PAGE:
USDA certified organic cattle must be fed entirely certified organic feed, which means the pastures must be certified along with any grain and hay the cattle are fed. None of the organic feed, including the pastures on which the cattle graze, can be sprayed with pesticides or herbicides.
In addition, organic beef cattle cannot receive antibiotics, growth-promoting hormones, or other drugs banned in organics. Also, unlike conventional cattle, organic cattle must graze for a certain percentage of their diet.
If beef carries the “100% grass-fed” label, it usually means that the cattle were fed grass, hay, and other forage. Some third-party certifications for “100% grass-fed” allow cattle to consume things like molasses, which adds calories to the livestock diet.
However, beef that carries the grass-fed label, but not the organic label, may receive antibiotics and hormones, and may be fed grass and forage that was sprayed with pesticides. These chemical inputs have negative implications not fully addressed by the grass-fed label.
Consumers seek out both organic and grass-fed products because of their benefits to human health, animal welfare, and the environment.
A high percentage of green forage in a beef animal’s diet imparts much higher levels of omega-3 fatty acids in the meat, and animals grazed on fresh green forage produce beef with more conjugated linoleic acids (CLA) as compared to beef from animals fed stored hay, and especially grain-fed cows.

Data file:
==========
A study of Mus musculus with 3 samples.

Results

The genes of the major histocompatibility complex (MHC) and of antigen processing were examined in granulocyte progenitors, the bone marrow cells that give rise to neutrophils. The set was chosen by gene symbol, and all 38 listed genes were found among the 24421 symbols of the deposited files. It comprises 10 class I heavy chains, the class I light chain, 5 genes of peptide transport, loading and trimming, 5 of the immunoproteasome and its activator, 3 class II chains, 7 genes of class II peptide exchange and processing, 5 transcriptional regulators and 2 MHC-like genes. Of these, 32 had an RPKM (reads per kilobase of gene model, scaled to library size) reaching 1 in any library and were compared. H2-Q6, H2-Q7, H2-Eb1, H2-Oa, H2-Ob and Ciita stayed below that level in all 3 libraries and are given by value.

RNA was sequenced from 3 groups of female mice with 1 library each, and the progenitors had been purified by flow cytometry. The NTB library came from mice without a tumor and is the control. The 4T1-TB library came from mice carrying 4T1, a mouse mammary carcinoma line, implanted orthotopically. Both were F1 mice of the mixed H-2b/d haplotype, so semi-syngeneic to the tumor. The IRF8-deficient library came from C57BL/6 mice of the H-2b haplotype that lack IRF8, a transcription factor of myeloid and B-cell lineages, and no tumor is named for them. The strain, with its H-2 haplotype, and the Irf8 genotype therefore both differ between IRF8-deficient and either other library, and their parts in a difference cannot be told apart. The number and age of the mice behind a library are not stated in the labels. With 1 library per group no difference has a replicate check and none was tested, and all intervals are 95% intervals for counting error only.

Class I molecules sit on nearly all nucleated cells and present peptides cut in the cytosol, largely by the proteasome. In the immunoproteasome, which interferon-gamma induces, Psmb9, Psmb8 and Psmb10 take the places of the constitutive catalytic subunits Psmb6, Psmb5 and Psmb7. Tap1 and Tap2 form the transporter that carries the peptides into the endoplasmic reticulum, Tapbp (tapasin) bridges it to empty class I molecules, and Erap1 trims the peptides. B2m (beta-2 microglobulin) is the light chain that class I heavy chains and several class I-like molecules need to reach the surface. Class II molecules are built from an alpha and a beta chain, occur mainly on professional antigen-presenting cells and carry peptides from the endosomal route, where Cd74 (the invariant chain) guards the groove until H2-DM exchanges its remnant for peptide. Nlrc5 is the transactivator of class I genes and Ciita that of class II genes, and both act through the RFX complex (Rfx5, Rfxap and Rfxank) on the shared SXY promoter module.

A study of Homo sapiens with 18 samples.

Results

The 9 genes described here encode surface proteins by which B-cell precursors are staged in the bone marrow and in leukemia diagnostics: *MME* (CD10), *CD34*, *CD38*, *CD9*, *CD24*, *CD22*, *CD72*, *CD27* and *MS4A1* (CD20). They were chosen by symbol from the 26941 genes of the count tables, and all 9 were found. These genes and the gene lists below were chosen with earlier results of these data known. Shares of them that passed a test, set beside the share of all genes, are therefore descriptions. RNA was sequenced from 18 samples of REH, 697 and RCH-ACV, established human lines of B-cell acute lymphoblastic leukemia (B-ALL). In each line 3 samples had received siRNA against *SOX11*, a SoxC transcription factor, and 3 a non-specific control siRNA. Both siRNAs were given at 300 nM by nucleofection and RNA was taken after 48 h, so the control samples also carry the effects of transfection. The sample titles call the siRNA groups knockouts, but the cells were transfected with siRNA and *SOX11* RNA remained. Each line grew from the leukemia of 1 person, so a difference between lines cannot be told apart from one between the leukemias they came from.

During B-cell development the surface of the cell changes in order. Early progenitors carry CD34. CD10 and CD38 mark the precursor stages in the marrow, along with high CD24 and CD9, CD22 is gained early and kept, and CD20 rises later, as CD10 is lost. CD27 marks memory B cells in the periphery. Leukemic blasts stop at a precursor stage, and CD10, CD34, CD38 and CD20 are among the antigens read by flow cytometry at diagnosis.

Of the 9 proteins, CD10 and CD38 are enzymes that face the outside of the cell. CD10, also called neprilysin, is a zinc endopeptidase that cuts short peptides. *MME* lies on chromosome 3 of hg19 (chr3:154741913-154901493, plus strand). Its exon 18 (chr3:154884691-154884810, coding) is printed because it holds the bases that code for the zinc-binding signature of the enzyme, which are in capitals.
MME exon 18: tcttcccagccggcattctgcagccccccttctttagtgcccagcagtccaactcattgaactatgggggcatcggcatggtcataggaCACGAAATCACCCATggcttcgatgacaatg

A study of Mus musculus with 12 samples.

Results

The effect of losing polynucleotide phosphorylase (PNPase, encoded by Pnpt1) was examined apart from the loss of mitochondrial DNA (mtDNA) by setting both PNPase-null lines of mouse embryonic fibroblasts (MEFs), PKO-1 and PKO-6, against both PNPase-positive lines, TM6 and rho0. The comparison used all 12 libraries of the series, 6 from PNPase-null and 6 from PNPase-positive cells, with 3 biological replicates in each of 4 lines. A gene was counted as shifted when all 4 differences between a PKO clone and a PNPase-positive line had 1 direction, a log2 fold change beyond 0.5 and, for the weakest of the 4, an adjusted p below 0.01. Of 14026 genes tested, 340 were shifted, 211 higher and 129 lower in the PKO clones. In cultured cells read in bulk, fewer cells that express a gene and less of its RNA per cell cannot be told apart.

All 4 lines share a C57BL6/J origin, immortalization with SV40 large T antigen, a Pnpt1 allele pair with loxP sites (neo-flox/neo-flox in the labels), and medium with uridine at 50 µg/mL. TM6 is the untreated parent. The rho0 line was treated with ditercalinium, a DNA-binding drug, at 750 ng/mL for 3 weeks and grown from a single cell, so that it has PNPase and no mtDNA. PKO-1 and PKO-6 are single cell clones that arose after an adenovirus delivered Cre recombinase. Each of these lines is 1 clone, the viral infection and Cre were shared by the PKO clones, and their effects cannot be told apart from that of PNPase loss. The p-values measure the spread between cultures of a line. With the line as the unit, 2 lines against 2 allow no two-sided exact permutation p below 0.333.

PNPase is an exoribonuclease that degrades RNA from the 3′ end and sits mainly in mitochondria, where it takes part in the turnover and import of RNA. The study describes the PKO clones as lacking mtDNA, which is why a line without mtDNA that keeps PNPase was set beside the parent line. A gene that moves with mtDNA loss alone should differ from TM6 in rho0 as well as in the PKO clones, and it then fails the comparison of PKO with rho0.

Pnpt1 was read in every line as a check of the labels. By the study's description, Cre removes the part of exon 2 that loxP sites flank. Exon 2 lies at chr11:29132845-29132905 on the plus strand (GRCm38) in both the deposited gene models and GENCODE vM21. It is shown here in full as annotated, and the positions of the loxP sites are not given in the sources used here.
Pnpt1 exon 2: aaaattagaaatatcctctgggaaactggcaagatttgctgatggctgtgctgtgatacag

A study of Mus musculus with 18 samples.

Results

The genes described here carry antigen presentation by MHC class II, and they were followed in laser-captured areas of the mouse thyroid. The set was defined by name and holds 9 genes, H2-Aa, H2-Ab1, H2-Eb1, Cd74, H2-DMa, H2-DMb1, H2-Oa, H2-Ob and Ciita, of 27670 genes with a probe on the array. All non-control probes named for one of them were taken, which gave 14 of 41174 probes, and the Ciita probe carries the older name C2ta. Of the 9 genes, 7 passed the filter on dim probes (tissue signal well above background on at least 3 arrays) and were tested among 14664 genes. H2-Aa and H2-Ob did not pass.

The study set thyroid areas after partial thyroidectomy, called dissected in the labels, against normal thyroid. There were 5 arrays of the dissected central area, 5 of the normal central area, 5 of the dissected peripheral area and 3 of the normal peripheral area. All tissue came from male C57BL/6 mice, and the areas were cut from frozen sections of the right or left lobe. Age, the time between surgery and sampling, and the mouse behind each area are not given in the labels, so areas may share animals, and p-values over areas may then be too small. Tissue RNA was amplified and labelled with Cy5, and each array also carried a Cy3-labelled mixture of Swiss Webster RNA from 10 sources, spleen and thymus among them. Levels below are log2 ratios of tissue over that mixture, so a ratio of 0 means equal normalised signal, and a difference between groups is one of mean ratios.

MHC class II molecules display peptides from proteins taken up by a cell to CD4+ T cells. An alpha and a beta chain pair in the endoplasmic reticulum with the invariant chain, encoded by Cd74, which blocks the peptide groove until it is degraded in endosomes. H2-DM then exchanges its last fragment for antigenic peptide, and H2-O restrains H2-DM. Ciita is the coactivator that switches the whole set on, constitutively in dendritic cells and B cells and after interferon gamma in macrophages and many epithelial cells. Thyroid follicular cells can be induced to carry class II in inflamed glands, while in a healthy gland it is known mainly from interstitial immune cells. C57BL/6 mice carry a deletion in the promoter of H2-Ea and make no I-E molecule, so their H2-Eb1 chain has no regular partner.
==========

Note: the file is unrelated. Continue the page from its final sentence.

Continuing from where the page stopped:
These fatty acids have proven health benefits. Eating grass-fed meat and dairy is among the most effective ways for humans to increase the amount of these essential fatty acids in their diets.
As ruminants, cattle evolved to eat mainly grass and other fresh vegetation. The microbiome in the rumen, part of their stomach, excels at breaking down fiber to provide the animal with easily absorbed nutrients.
Despite this, most beef produced in the U.S. is grain-fed. Eating grain disrupts the normal digestive process and, as a result, acid builds up and causes physiological stress.
This “acidosis” from grain-based diets permits the growth of harmful microorganisms, including E. coli, and metabolic disease in animals. Conventional cattle are given antibiotics to treat diseases caused by acidosis.
Feeding cattle a diet composed primarily of grass not only prevents acidosis and its associated health problems, but grazing promotes cattle’s overall physical and mental health.
Greenwashing tactics are also common with grass-fed labeling. A simple “grass-fed” label without any other qualifiers can just mean that the product was derived from livestock that received some portion of its diet from grass.
That animal could have still received some grain, and may have been completely “finished” on grain, which negates many of the health benefits associated with grass feeding. However, a label with “100% grass-fed” language closes this loophole, due to basic laws regarding truthfulness in food labeling.
Looking for the grass-fed label without knowing how and where those cattle were actually grazed can be problematic. Some beef carrying the grass-fed label comes from cattle raised on delicate public lands.
Cattle, which are not a species native to the U.S., can cause serious issues with erosion and the destruction of riparian habitats, and can encourage the spread of invasive species.
In contrast, proper pasturing practices, such as rotational grazing, can be an essential part of regenerative agriculture.
If you are interested in the three-fold benefits to human, environmental, and animal health, look for beef that carries both the USDA organic seal and the 100% grass-fed label. That way, you can ensure the greatest nutrition and shield yourself from exposure to agrichemicals, antibiotics, and growth hormones.
[This article was previously published in the fall issue of The Cultivator, Cornucopia’s quarterly newsletter.]